On March 11, The European Medicines Agency (EMA) cited3 30 cases of thrombotic events among almost 5 million people in the European Economic Area who had the AstraZeneca vaccine.
In their latest statement, EMA said the benefits of AstraZeneca, now called Vaxevria, continue to outweigh the risks in all age groups. However, “very rare cases” of blood clotting with low platelet count may occur after vaccination.
WHO: No association between thrombotic incidences and AstraZeneca vaccine
On March 16, the World Health Organization’s chief scientist, Soumya Swaminathan, emphasized4 that, so far, they do not see a connection between the potential blood clots side-effects and the AstraZeneca vaccine.
For this reason, they urge the countries not to halt their vaccine rollout.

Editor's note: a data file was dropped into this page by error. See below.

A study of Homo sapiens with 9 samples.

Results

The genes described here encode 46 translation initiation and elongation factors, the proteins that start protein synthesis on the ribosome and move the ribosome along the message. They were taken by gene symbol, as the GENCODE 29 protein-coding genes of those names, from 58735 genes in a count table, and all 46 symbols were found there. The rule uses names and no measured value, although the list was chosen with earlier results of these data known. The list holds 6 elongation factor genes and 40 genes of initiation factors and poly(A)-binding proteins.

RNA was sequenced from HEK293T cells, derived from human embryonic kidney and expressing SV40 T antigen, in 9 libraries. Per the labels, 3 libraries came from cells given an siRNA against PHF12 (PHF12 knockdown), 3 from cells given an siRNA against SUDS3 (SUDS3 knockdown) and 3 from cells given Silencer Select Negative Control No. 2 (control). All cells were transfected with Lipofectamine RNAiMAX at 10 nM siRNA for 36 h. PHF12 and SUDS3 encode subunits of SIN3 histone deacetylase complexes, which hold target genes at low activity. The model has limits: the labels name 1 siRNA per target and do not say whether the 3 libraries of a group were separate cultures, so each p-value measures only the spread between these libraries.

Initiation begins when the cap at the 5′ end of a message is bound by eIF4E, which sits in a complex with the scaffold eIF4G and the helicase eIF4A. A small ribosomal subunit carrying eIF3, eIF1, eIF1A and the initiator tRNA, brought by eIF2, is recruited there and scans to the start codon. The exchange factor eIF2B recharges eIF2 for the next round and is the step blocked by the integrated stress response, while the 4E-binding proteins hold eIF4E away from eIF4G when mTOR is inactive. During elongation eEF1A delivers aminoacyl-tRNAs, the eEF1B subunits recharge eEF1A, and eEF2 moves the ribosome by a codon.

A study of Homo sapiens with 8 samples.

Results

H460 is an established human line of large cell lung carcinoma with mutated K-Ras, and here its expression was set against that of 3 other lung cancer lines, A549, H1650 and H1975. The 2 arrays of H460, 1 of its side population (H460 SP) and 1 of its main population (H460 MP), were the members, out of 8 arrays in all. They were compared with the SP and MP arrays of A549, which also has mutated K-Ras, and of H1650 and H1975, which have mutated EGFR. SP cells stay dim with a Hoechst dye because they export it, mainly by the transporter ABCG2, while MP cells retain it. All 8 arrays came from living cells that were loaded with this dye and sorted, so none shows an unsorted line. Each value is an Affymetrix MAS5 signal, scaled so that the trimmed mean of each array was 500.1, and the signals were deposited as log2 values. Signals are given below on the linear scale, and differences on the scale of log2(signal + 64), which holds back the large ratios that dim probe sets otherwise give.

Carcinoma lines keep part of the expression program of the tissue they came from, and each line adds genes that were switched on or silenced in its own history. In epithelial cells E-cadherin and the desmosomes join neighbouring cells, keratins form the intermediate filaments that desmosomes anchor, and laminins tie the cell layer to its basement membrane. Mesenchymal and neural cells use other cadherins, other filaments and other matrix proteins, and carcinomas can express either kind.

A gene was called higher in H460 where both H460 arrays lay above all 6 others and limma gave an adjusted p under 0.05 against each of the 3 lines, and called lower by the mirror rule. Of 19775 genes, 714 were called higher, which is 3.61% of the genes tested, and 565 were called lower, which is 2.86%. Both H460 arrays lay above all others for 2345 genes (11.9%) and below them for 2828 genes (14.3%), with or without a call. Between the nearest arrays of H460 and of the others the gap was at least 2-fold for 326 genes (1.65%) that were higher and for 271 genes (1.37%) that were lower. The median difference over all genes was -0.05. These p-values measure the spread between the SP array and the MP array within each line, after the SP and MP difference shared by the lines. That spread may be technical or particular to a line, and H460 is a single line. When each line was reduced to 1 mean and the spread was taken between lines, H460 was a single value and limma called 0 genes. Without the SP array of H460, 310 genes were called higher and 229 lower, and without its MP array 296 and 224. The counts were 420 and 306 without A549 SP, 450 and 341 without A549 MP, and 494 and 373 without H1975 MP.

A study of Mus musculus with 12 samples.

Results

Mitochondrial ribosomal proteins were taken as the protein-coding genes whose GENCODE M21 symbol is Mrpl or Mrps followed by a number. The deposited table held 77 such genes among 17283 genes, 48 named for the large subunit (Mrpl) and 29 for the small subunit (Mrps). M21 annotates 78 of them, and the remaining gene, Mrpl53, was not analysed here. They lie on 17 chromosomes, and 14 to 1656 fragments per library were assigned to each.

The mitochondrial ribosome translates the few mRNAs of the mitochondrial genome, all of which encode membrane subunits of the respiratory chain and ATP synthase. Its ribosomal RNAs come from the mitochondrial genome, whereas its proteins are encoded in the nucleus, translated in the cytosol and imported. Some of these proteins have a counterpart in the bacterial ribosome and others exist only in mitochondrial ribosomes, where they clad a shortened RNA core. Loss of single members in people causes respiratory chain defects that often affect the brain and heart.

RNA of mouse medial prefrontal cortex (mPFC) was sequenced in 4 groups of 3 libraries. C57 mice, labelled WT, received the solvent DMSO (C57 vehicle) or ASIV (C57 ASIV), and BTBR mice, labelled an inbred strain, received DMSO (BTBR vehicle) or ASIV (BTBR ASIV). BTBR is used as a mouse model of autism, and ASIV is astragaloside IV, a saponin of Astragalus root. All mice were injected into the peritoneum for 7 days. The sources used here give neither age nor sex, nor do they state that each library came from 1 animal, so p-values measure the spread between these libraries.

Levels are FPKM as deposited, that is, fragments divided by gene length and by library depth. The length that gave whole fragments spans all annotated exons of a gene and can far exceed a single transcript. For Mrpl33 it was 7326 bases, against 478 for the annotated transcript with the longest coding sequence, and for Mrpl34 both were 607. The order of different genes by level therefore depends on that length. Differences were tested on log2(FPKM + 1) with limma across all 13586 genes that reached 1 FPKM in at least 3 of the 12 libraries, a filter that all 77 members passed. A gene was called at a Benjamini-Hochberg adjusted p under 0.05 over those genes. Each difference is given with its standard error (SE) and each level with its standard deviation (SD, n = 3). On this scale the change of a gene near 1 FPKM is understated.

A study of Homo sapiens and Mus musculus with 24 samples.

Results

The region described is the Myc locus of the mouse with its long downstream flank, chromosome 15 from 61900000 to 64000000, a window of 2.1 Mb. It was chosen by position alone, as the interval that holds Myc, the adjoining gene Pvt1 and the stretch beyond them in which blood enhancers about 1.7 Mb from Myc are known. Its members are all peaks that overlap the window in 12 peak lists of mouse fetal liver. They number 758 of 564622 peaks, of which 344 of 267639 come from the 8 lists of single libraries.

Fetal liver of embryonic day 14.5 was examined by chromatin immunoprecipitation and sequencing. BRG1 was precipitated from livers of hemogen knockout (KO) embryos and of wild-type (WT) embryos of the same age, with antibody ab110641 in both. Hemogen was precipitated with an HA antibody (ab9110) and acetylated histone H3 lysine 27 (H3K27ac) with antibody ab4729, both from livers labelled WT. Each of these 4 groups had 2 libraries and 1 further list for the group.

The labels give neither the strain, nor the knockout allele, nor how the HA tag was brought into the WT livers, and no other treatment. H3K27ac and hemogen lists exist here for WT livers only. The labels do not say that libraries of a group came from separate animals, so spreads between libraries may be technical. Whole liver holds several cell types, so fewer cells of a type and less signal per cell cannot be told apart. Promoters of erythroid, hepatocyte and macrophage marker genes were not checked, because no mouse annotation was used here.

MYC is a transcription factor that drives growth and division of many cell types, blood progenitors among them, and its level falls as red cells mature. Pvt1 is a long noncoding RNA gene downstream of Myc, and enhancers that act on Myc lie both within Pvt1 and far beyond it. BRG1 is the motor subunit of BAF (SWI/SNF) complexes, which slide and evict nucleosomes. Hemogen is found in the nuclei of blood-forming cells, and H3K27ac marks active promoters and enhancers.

To date, Thailand has announced that they will be pushing through with their vaccination program using AstraZeneca despite delaying it before due to safety concerns. Indonesia, on the other hand, delayed its rollout until further notice.
AstraZeneca: “The number of thrombotic incidences was small.”
AstraZeneca continues to assure the people of their vaccine’s safety based on “clear scientific evidence.” The data they gathered from 200 million people who received the vaccine also showed that the occurrences of blood clots with low platelet are “very rare.”
Despite this, the company behind AstraZeneca believes that the safety of the public should always come first; hence, they are keeping the issue under close review.
In their most recent post, AstraZeneca said that regulating agencies see a connection between the vaccine and blood clots with low platelet. For this reason, the agencies requested them to list the incidence as an “extremely rare potential side-effect.”